Digital story, NerdBastards, October 28, 2010
Remember when The Walking Dead television show was new and didn't suck? Remember when it went with storylines from the comics and made sense? Remember when you didn't hate every single character?
LOL, not anymore.
Back in 2010, anticipation for The Walking Dead TV show was A THING. I mean, of course it was. The well-written, graphic comics fully explored the human horrors that might happen if zombies took over the nation, and they were perfect for a gutsy channel like AMC that wanted to rebrand itself with programming beyond old-timey movies.
At the time, I was writing for NerdBastards, a pop-culture site that trafficked snark and typos. I begged to be the one to review the debut episode of The Walking Dead, and I excitedly reread the comics to prepare (remember, there weren't 180+ issues back then). I wasn't disappointed -- the show lived up to the source material, with many of the pilot's shots lined up to reflect individual panels from the comic books. It was a fantastic debut with so much promise.
Of course, the show then squandered that promise by the great barn debacle of season two, and many of us now keep watching eight seasons later only because we've sunk so much time into it already and we hate ourselves.
Anyway, here's a recap.
Unless you’ve been in a coma recently (rimshot), you’re likely aware that the first episode of AMC’s highly anticipated TV show, “The Walking Dead” leaked online earlier this week. The drama, based upon Robert Kirkman’s wildly popular comics about a small band of humans’ survival tactics against a nationwide zombie epidemic, was scheduled to debut this Sunday on Halloween. However, at this point, half the interwebz already has downloaded it. Us, included.
I had been waiting with antici…pation for the television version of “The Walking Dead” since AMC announced in January that it would take on the pilot. The rumors, the trailer, the re-reads of the comics all raised my hopes that this would be the show that would finally do comics some true justice. It would replace the water cooler talk “Lost” had previously filled. It would fill the empty “Can tv sci-fi work without Joss Whedon?” hole in my heart. It would show us what might happen to the human spirit during an actual zombie apocalypse.
I needn’t have worried.
*** Spoiler alert! ***
The first episode of the TV show revolves around the first 38 pages of the hardcover trade. Officer Rick Grimes is shot in the line of duty and taken to the hospital, where he lays in a coma. After waking and finding the hospital deserted by humans, he realizes that something is not quite right in his town. After rushing home and realizing that his wife and young son were nowhere to be found, he heads out and runs into a father and son, who explain that undead creatures had taken over the area many weeks ago, towns were evacuated and they, themselves, were doing all they could to survive. The government had recommended that everyone head toward the larger cities for protection. Because Rick’s in-laws live in Atlanta, he decides to go there, believing Lori and Carl to be safe. Taking a police car and then a horse, he journeys to Atlanta, only to find the city deserted and infested with zombies.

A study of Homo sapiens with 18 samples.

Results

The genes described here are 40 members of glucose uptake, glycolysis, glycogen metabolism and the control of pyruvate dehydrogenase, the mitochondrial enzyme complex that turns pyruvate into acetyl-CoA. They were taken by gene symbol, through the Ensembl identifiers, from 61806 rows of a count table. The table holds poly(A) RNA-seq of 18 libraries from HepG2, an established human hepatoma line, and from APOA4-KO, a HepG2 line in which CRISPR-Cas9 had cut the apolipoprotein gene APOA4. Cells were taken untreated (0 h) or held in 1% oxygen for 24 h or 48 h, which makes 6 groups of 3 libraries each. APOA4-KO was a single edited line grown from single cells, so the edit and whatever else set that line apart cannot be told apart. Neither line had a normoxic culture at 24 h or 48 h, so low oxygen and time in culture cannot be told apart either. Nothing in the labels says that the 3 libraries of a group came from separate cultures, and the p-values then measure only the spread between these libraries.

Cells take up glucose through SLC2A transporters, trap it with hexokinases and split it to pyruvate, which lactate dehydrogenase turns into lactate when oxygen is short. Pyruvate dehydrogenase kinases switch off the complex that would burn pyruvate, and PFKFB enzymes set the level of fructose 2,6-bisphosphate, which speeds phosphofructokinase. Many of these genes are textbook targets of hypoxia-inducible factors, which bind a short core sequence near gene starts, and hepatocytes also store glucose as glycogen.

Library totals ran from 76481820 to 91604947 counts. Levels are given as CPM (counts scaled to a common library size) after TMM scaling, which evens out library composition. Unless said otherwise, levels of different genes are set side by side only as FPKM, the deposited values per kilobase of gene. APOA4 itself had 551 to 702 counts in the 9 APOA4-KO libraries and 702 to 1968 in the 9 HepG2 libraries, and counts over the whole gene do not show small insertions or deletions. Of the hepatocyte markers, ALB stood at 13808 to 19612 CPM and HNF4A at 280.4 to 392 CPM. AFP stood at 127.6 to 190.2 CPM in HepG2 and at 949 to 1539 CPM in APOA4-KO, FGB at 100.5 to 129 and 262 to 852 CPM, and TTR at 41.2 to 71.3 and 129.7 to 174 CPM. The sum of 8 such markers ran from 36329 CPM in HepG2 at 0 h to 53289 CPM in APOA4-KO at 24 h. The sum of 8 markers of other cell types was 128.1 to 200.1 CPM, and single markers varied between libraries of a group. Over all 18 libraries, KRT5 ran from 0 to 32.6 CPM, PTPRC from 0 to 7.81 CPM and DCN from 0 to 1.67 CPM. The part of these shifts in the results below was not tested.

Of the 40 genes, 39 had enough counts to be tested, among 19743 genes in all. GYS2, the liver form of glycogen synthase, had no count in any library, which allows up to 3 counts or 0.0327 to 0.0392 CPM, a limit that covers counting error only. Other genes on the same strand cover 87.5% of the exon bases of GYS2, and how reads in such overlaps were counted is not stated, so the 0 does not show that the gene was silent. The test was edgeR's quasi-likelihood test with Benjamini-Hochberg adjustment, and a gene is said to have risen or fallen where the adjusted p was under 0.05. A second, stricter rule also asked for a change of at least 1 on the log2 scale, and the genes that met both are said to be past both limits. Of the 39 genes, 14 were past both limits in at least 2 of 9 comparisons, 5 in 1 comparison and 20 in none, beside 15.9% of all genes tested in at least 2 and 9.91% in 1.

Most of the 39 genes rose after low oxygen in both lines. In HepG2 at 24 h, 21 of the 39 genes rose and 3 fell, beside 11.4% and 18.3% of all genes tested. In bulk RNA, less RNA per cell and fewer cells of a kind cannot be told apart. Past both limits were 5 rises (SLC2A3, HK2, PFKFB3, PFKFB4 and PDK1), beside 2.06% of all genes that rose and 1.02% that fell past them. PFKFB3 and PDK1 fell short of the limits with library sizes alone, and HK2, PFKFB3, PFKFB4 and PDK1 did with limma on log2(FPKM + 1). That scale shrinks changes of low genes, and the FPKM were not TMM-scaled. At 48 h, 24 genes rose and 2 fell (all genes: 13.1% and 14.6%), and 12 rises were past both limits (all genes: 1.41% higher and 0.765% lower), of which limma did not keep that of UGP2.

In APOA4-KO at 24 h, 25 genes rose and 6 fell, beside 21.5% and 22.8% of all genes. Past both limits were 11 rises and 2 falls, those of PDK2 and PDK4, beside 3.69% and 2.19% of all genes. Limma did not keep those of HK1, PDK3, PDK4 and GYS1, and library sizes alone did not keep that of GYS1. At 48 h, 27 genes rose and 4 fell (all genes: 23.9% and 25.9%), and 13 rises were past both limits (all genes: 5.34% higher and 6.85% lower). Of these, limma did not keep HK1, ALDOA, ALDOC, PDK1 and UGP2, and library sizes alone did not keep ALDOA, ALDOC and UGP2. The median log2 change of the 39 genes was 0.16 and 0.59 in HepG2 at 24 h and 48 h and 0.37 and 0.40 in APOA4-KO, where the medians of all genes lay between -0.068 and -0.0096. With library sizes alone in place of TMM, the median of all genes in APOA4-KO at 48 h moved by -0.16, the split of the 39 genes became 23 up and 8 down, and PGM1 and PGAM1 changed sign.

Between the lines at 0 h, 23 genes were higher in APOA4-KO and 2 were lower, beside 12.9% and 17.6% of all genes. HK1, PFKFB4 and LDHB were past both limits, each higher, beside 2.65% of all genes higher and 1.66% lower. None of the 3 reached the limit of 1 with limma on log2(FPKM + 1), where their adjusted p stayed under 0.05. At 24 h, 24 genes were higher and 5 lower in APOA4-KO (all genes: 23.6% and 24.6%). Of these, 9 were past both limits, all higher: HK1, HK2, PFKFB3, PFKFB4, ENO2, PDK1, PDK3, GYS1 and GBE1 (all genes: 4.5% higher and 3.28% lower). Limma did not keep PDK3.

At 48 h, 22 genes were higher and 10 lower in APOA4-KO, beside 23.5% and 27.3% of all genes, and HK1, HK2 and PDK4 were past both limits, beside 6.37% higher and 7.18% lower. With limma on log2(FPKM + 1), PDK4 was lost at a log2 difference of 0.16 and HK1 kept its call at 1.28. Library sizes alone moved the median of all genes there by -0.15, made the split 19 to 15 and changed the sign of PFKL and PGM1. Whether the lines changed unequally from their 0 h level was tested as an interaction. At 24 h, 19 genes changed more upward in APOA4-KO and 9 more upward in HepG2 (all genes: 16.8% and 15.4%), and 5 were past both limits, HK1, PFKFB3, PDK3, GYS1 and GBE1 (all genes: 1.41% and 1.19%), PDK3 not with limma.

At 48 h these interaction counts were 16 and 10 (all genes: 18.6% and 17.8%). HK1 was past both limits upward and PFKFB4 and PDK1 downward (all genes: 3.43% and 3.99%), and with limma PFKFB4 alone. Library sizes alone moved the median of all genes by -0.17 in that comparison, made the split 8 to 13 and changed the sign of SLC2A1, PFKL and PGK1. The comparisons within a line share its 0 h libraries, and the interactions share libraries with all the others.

I was surprised by just how cinematic the AMC episode was. With gritty filters, tight shots and zombies that looked scientifically real instead of comical, the first episode of “The Walking Dead” felt worthy of the big screen. The pacing for the 90-minute debut rarely lagged, and it was obvious that executive producer and writer Frank Darabont heavily relied upon and had a love for Kirkman’s comics.
Not a lot changed from the comics to the screen. The episode began with a longer setup about Rick and his shifty partner Shane before they encountered the gunmen who would lead Rick to his coma. The show established Rick and Shane as true confidants a bit more than in the comics, and it was easy to tell that Shane wasn’t the stand-up guy his uniform might lead you to believe.
We get a bit more action when Rick meets Morgan Jones and his son Duane. In the comics, the duo basically set Rick up for his journey to Atlanta, got some guns from the police station with him, and went their separate ways. That still happens in the TV show, but viewers get more meat. Morgan is way more skeptical about Rick, very suspicious that he doesn’t know anything about the undead because of the coma. He shares with Rick his concerns about Duane’s future and how his mother — Morgan’s wife — still haunts them by visiting their safehouse as an unthinking zombie.
When Rick finally makes it to Atlanta on his horse, the scene is quiet and somber. The TV show makes it clear that even the big cities are desolate and nowhere is safe. Scenes of the horse’s graphic demise are included here, just like in the comics, and Rick panics and finds himself in an abandoned Army tank. That’s not in Kirkman’s source material, but it shows Rick’s terror, isolation and occasional bad decision making pretty well. And while in that tank, Rick hears a voice. Could it be Glenn? We’ll find out in episode two.
AMC’s “The Walking Dead” really impressed me with how good TV actually can be when shows have a strong plot, pacing, actors and scientific consultants. Any comics fan will be blown away during the premiere, but even those who haven’t read the source material will come away feeling like they witnessed something pretty damn special.